Hurricane Dorian's Threat to Florida Magnified Due To Labor Day Weekend Tourists

Hurricane Dorian is set to hit Florida as a major hurricane and experts warned that the number of tourists in the area due to the holiday weekend could present additional dangers.

A system that began as a tropical storm strengthened into a Category 2 hurricane on Thursday and could make landfall in the Sunshine State as a Category 4 storm. Although the storm's trajectory remains uncertain, Governor Ron DeSantis cautioned residents to get prepared because there was a "high degree of certainty" Dorian would be a major hurricane.

Along with all of the expected dangers of a hurricane, such as flooding, power outages and storm surges, Jonathan Porter, Vice President of Business Operations and GM of Enterprise Solutions at AccuWeather told Newsweek there was an additional concern because of the timing of the storm. Dorian was set to make landfall on Monday, but wind and rain from the storm could impact Florida as early as Sunday morning, potentially impacting tons of tourists in Florida for Labor Day weekend.

"The tourism industry in Florida is going to take a hit," Marshall Moss, Vice President of Forecasting and Graphics Operations for AccuWeather said. "I'm sure people are already changing plans and that's going to impact tourism on a major holiday weekend."

For those outsiders who find themselves in Florida during the storm, Porter explained there's added danger because they're not familiar with the area and possibly not even with hurricanes. People being unfamiliar with evacuation zones and problematic areas raises the level of importance AccuWeather had to inform people about the storm.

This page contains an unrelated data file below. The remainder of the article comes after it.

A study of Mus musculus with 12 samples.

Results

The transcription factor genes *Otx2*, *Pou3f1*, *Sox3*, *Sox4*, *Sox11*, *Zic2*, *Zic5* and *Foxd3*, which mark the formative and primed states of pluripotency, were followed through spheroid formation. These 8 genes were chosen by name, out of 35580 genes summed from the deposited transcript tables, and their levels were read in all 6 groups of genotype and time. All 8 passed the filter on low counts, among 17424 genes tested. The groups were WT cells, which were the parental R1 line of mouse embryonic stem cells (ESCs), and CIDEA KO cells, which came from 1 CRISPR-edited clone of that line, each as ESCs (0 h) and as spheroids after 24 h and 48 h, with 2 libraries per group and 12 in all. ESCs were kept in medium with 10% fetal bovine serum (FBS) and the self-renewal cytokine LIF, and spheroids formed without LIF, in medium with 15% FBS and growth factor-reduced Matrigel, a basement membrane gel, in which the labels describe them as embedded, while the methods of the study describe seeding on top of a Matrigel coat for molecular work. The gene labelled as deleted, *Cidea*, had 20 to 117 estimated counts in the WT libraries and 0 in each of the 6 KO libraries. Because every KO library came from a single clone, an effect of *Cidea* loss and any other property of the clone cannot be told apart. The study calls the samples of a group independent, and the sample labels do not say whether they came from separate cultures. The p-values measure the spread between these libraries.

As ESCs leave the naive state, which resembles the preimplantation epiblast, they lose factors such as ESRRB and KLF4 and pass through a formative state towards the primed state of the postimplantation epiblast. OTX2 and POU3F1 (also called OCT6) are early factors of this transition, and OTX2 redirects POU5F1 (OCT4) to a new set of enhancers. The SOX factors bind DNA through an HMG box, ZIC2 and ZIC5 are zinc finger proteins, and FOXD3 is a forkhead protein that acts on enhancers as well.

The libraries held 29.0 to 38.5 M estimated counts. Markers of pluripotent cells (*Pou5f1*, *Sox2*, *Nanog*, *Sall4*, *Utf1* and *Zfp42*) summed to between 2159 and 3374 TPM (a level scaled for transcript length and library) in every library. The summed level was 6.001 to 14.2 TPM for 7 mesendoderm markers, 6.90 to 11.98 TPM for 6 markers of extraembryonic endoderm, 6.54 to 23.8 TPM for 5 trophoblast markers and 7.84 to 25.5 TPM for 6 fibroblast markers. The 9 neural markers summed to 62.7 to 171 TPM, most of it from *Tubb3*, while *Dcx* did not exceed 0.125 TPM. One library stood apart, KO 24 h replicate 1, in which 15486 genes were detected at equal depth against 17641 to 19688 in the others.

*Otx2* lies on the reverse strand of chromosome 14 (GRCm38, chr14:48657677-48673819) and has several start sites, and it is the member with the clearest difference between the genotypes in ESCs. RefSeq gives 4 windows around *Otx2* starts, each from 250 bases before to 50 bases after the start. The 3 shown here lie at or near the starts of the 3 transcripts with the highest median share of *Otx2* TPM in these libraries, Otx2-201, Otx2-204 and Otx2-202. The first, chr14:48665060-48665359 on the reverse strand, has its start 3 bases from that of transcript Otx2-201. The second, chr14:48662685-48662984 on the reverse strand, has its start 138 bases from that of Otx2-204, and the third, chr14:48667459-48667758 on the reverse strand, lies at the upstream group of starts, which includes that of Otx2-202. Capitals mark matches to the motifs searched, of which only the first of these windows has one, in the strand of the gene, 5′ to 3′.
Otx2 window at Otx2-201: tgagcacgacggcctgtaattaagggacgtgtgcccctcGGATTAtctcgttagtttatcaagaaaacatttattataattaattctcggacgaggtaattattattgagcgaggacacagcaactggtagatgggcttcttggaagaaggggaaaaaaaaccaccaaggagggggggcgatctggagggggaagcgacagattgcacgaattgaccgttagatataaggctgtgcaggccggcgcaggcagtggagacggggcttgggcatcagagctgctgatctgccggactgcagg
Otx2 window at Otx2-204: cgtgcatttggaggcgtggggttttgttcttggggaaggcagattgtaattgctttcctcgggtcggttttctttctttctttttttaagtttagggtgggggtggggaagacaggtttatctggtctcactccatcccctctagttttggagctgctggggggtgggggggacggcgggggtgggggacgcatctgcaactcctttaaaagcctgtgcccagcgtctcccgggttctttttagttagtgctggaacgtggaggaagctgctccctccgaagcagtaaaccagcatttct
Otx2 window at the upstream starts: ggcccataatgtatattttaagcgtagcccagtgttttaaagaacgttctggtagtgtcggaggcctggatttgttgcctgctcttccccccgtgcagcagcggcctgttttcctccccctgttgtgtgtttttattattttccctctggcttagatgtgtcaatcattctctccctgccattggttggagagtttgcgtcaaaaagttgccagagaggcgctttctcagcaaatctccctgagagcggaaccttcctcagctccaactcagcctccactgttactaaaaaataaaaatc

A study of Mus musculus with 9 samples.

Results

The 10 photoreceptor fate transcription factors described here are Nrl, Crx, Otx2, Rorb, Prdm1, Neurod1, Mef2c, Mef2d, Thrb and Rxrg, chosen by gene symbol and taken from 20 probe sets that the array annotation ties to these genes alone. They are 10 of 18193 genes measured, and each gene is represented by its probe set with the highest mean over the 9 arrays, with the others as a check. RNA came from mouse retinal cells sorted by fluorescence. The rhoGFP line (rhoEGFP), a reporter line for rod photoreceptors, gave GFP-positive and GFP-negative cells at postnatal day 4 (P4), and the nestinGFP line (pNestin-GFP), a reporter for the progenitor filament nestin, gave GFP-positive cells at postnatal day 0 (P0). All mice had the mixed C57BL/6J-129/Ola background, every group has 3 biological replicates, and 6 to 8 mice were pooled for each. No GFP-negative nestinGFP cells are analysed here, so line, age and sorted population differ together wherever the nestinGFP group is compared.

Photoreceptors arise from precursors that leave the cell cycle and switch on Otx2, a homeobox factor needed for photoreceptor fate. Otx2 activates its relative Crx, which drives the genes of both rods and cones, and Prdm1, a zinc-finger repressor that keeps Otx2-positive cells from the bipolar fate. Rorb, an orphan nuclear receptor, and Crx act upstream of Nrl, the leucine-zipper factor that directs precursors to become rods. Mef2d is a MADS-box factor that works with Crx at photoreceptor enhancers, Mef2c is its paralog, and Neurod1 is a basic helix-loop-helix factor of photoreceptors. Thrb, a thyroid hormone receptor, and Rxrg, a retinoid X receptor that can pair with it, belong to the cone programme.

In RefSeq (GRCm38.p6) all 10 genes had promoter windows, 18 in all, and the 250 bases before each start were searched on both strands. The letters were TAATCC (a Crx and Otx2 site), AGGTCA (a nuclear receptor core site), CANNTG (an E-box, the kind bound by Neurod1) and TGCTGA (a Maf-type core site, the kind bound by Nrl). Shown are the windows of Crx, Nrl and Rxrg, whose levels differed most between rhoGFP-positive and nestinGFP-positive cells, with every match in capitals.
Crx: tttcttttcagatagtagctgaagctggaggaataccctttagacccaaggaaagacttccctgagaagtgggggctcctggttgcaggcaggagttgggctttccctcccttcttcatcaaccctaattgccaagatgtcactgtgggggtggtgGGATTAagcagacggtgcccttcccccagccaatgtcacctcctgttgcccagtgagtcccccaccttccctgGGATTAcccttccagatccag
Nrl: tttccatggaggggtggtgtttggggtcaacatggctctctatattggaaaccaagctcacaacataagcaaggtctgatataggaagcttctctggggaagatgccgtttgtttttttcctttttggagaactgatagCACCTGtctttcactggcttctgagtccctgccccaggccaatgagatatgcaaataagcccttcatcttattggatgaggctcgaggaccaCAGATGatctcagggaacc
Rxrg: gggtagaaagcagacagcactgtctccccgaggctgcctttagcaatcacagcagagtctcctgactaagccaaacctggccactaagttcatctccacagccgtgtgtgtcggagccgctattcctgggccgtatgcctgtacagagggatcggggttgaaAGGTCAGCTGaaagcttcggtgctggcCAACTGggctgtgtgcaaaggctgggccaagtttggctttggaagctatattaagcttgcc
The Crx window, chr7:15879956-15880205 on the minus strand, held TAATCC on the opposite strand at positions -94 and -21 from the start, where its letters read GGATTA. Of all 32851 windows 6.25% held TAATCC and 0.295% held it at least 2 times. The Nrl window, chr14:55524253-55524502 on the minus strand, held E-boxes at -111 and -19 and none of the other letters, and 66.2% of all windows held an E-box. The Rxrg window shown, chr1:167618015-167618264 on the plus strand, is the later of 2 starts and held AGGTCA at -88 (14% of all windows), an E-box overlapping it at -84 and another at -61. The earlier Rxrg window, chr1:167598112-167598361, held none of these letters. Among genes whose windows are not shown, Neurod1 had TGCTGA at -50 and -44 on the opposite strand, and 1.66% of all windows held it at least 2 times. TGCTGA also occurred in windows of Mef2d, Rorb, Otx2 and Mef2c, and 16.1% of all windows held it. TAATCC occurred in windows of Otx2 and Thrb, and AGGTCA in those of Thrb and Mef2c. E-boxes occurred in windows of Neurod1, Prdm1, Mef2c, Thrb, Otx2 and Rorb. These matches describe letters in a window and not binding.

"This is going to be a serious, significant and life-threatening event across Florida this weekend," Porter said. "People need to take that into consideration."

hurricane dorian threat labor day weekend tourists
Vehicles are seen on the road as Labor Day weekend begins on August 30, 2013, in Miami. Hurricane Dorian is supposed to hit Florida on Labor Day and experts said that travelers being in Florida for the holiday weekend could increase the storm's threat. Joe Raedle/Getty

Portions of Florida's east coast could see massive storm surges and devastating hurricane-force winds. Dorian's slow-moving nature could also create a prolonged period of heavy rain and wind in certain areas, contributing to the threat posed to residents.

Residents still have time to prepare for the storm and Moss urged people who were visiting to think about where they would go if the storm came their way.

"People should be thinking, 'If I'm going to be in the worst part of the storm, where am I going and how am I getting there? This is especially true if you're a traveler, but also the elderly and hospitals where moving and travel is more of a problem," Moss explained.

People having difficulty traveling and moving out of the way is a danger that Moss said wasn't considered as much as some others.

Tourists aren't the only people who could find themselves in harm's way and at times, people with past experience with hurricanes can be more vulnerable. Porter said each storm has its own challenges and different factors that make it a threat.

"It can surprise people if they have expectations in their mind from a previous storm," Porter said. "Every hurricane is different. We want people to be aware."

Moss echoed this sentiment and noted that people who rode storms out in the past may be tempted to ride Dorian out, as well. However, he cautioned people against staying put because failing to leave could mean being stranded and even cut off from emergency services.

"Pay attention to local officials and managers but you don't need to wait until an [evacuation] advisory is issued, especially if you're not aware of the area and the risks," Porter said.